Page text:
There's a lot to see and do in Caen, a city that was once home to William the Conqueror. It's also a great base for day trips to the Normandy D-Day sites, Bayeux, Honfleur and Mont Saint-Michel.
The modern town centre is dotted with museums. One of the most important is the Caen Memorial Museum, which focuses on World War II, the 1944 Battle of Normandy and the Cold War.
Abbaye aux Hommes
Founded in 1063, the Abbaye aux Hommes (Men's Abbey) is one of the finest examples of Norman Romanesque architecture. It was inspired by the abbeys of Canterbury and Durham and incorporated Caen's famous white stone, which was taken to Britain to build many of the great English churches built after the Norman Conquest in 1066.
It's worth taking a tour of the abbey church to see its impressive wood-panelled rooms, painted with scenes from the Bible and stained glass windows. A series of themed tours are also available throughout the year.
Despite the fact that Caen suffered huge damage during World War II, many historic buildings are still here to enjoy. It's testament to the city's determination not to look back and to fusing modernity with the past.
Abbaye aux Dames
Founded by William the Conqueror and his wife Matilda, this Romanesque abbey is one of the highlights of Caen. Originally the home of the Benedictine nuns until the French Revolution, it’s now a historical monument.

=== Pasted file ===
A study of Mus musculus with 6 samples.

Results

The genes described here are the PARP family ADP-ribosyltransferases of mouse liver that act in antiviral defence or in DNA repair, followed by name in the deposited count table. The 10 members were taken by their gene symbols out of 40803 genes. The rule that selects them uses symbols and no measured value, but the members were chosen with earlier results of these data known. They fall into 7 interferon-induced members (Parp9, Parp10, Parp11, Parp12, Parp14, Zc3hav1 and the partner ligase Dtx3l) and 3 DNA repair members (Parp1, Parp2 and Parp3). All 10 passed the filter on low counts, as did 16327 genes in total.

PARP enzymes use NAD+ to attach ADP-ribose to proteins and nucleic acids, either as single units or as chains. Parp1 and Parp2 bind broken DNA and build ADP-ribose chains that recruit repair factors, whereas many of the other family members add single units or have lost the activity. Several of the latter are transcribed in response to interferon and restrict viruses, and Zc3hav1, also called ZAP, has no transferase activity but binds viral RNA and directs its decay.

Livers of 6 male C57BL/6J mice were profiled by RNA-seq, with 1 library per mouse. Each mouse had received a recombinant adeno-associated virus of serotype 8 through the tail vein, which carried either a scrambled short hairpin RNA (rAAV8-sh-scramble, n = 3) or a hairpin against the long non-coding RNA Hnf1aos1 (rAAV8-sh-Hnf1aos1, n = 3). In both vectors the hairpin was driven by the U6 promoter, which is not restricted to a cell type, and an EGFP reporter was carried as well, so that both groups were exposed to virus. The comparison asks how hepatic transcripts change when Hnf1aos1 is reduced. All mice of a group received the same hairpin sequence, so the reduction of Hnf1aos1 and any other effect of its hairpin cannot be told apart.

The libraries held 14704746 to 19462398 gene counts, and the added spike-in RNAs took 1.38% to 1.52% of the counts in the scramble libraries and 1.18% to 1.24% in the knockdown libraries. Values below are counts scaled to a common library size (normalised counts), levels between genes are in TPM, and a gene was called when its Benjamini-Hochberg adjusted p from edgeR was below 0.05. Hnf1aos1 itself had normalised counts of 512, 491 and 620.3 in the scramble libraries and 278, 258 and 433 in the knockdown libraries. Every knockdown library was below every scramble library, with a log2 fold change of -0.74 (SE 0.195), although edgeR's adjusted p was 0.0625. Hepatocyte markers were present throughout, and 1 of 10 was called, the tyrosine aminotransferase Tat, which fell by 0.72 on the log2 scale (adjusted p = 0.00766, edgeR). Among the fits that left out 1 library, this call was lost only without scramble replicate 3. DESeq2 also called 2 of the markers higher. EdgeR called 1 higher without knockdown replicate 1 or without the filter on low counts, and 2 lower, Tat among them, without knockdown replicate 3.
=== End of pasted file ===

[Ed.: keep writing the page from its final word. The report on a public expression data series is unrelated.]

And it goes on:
The cloister, Eglise St-Etienne (Trinity Church) and the tomb of William the Conqueror are all well worth seeing. You can also take a look at the elegant interiors of the abbey, which became Caen’s City Hall after it was destroyed in the 18th century.
The monastery is a great example of Romanesque architecture, with a distinctive pine-shaped bell tower. In addition, it features fine stone carvings throughout.
D Day Memorial
A day trip to Caen is not complete without paying a visit to the D-Day Memorial. This is a comprehensive museum dedicated to all things D-Day and World War II.
This massive complex has tons of exhibits and a movie theater. It also has three gardens that commemorate British, Canadian and American soldiers who died in Normandy.
It is believed to be one of the best museums in Europe. You can relive the battle through costumes, photos and objects.
There is also a film about D-Day that is shown in a 360-degree theater.
There are several other museums and monuments in Calvados that tell the story of WWII. Some are more interesting than others but all are worth a visit!
Located in lower Normandy, Festyland is a smaller theme park that has a unique historical theme. It is divided into different areas representing different periods of history, including pirates, Vikings and the middle ages with William the Conqueror.
- The main attractions include a roller coaster, circus, waterslides and bumper boats. The park also features a mediaeval castle, two cinema halls and several restaurants.
- There are plenty of rides for everyone, including a small family free-fall tower and Zamperla's Tour d'Esnambuc. The other larger rides are a bit overrated but have been designed for adults and older children to enjoy.
- The park's logo is a friendly young dragon sporting a Viking hat and large grin. This reflects the family themed nature of the park.